MATTER Member Profile: James Lloyd of Redox
Posted October 5
By Clayton Gentry
MATTER Journalism Fellow
A Former Epic Employee is Connecting Disparate EHR Systems
2016 medical records don’t belong in manila folders. For years, health systems around the world have put resources into digitizing those records, introducing quicker accessibility, stronger security, and cloud storage. Unfortunately for third party engineers, there’s no universal standard — every health system stores data differently.
That’s why James Lloyd, alongside Niko Skievaski and Luke Bonney, built Redox, an electronic health records integration platform. The trio began work on the platform in 2014 to provide a layer of digital translation atop an array of disparate EHR systems.
“We have some common languages, but each health system has its own dialect,” Lloyd said. “So we try to provide that universal translation and normalization layer so that everybody can talk in one true language.”
“Each health system has its own dialect”
Redox is not Lloyd’s first excursion into healthcare. He began his work in the space with Madison-based EHR company Epic. There, he was able to work on problems he characterized as “intrapreneurial,” internal projects that required an entrepreneurial approach. One project was a communication framework to help Epic headquarters communicate with Epic health systems around the country.
“The projects I was doing before that were just for fun to help out internally,” he said. “But [the communication framework] had a big enough impact that then I shifted into working on interoperability and web services; more on the integration side of things.” Interoperability and web integration would ultimately serve as the basis for Redox.
But first, the trio jumped into the incubator world. Skievaski co-founded Wisconsin’s largest co-working space 100State, and Lloyd joined its board of directors. Then, with Bonney, they founded a healthcare startup incubator called 100Health. “It was a very, very early-stage incubator,” Lloyd said. “It worked really well except for the part where we had to figure out how to pay ourselves.”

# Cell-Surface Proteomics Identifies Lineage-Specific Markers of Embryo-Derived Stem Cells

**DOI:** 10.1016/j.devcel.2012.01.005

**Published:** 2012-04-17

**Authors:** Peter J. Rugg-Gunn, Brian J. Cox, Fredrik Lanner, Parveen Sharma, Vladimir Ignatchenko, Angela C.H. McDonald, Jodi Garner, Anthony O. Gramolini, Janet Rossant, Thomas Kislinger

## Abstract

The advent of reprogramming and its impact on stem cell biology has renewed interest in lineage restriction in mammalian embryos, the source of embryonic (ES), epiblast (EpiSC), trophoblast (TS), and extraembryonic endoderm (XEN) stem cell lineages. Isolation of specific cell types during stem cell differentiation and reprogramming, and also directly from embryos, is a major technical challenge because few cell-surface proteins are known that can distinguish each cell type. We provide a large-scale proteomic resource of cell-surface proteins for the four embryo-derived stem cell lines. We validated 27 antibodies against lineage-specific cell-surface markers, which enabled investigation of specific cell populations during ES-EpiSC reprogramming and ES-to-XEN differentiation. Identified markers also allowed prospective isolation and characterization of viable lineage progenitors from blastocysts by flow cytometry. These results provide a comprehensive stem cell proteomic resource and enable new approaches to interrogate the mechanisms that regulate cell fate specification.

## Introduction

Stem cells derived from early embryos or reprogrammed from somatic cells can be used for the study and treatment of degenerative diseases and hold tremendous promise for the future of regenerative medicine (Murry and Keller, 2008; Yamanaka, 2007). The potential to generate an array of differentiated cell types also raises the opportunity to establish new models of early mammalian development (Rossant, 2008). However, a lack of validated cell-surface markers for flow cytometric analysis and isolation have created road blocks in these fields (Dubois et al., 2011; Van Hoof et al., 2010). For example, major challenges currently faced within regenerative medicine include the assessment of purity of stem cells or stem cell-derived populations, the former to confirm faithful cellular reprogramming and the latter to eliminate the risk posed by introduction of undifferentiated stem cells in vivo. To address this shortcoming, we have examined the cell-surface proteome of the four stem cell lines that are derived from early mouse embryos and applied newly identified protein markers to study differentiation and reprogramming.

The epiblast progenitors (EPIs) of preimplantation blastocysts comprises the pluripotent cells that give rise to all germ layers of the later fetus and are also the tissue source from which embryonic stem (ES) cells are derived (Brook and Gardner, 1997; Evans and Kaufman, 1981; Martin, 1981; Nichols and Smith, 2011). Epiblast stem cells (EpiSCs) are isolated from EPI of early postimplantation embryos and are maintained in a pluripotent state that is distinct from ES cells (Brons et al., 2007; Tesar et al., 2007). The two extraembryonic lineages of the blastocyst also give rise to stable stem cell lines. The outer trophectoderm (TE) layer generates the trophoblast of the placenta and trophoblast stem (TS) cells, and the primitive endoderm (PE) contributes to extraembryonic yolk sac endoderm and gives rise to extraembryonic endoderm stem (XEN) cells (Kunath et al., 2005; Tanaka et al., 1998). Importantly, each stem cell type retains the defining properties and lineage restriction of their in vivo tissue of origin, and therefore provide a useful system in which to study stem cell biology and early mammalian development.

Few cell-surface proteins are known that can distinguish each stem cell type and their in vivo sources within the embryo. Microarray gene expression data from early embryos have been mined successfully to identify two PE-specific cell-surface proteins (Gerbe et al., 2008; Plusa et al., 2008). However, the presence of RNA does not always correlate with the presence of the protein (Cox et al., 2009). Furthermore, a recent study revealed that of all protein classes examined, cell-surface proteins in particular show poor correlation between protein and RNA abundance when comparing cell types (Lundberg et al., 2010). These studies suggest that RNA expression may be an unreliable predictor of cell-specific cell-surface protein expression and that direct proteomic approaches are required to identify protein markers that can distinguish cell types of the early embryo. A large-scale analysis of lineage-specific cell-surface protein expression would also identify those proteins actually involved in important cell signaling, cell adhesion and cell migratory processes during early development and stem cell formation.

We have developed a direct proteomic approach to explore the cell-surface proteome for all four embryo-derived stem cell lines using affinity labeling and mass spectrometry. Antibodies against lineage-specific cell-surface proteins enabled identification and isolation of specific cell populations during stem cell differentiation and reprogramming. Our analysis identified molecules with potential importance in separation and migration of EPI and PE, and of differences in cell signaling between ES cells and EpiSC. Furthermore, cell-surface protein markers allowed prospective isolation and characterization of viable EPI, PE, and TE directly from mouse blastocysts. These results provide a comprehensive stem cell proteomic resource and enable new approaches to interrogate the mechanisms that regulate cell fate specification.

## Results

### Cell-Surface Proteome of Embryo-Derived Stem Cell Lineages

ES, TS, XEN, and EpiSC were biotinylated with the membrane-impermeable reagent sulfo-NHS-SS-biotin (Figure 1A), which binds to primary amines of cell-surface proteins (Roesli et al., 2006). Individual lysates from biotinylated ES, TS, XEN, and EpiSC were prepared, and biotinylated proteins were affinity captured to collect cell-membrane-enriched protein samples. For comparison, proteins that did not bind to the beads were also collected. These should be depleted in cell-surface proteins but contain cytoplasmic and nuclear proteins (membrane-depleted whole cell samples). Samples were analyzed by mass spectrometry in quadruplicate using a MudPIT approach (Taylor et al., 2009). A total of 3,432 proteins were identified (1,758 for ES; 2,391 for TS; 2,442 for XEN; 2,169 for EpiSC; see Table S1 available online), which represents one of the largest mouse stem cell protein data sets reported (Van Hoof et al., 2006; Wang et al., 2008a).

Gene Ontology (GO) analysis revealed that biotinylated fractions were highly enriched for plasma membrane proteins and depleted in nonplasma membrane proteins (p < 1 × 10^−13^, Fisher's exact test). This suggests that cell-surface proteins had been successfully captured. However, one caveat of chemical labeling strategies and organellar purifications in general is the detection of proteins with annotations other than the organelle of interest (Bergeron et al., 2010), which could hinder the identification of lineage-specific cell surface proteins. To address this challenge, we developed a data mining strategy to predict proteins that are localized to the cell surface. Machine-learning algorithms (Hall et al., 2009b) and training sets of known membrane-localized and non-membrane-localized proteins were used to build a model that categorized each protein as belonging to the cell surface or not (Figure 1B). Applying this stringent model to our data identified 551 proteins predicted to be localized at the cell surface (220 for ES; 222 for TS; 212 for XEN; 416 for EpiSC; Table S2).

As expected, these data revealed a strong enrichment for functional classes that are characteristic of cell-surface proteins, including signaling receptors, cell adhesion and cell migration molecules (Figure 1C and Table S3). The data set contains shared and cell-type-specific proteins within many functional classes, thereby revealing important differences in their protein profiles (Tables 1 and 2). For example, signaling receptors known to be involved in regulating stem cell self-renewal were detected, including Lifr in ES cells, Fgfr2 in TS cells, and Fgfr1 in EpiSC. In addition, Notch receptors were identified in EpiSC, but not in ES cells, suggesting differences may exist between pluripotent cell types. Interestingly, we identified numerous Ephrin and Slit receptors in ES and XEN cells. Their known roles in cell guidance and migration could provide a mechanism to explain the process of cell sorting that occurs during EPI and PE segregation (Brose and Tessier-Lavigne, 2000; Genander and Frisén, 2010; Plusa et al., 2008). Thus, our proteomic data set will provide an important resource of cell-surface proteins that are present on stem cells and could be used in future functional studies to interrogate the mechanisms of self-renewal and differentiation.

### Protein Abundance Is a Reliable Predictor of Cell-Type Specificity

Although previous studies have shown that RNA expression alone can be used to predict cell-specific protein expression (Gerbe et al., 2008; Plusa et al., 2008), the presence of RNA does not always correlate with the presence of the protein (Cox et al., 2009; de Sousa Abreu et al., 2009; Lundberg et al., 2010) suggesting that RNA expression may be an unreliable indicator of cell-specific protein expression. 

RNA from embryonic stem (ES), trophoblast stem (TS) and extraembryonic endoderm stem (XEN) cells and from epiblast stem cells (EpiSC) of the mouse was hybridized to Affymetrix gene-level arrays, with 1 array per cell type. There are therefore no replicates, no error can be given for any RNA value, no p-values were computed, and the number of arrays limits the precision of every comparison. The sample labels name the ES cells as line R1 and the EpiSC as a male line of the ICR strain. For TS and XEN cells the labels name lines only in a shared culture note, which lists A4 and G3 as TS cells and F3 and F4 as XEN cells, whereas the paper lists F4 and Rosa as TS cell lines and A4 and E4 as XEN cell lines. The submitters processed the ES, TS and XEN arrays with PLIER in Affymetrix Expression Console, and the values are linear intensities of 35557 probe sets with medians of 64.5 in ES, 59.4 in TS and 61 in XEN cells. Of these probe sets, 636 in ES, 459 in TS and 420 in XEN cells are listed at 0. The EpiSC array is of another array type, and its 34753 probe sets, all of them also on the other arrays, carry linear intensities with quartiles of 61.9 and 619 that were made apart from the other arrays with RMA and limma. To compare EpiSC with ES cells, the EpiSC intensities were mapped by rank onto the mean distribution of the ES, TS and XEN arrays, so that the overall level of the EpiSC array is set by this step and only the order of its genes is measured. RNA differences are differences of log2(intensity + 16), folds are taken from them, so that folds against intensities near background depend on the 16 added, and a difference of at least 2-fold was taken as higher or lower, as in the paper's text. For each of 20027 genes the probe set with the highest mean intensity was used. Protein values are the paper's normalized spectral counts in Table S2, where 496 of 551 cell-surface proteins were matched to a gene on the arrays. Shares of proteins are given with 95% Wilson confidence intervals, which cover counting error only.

“It worked really well except for the part where we had to figure out how to pay ourselves.”
Questions around investor payout and keeping the incubator’s lights on ultimately forced the founders to scrap 100Health. But in helping build its member companies, Lloyd discovered that several needed EHR integration support, and thus realized a single, reusable tool to support that integration might make sense. This tool represented the kernel of inspiration that would ultimately yield Redox.
Now – two years later – Redox supports dozens of health systems and hundreds of application vendors today. The website hosts a gallery of applications built with Redox support. The company is also working on partnerships with EHR systems to create a sandbox environment that will allow developers to simulate integrations via Redox.
Lloyd said these days he spends most of his time figuring out the challenges application developers face today and where the healthcare software market is headed. He also works to support the application’s robustness to ensure that, as Redox scales, it can handle all the extra weight.
“Sometimes it metaphorically keeps me up at night, and sometimes it literally keeps me up at night,” Lloyd said. “But I think looking back 20 years from now I would be unsatisfied if I was doing something that didn’t have real world impact. The high impact comes with high responsibility.”
For more on James, see his LinkedIn.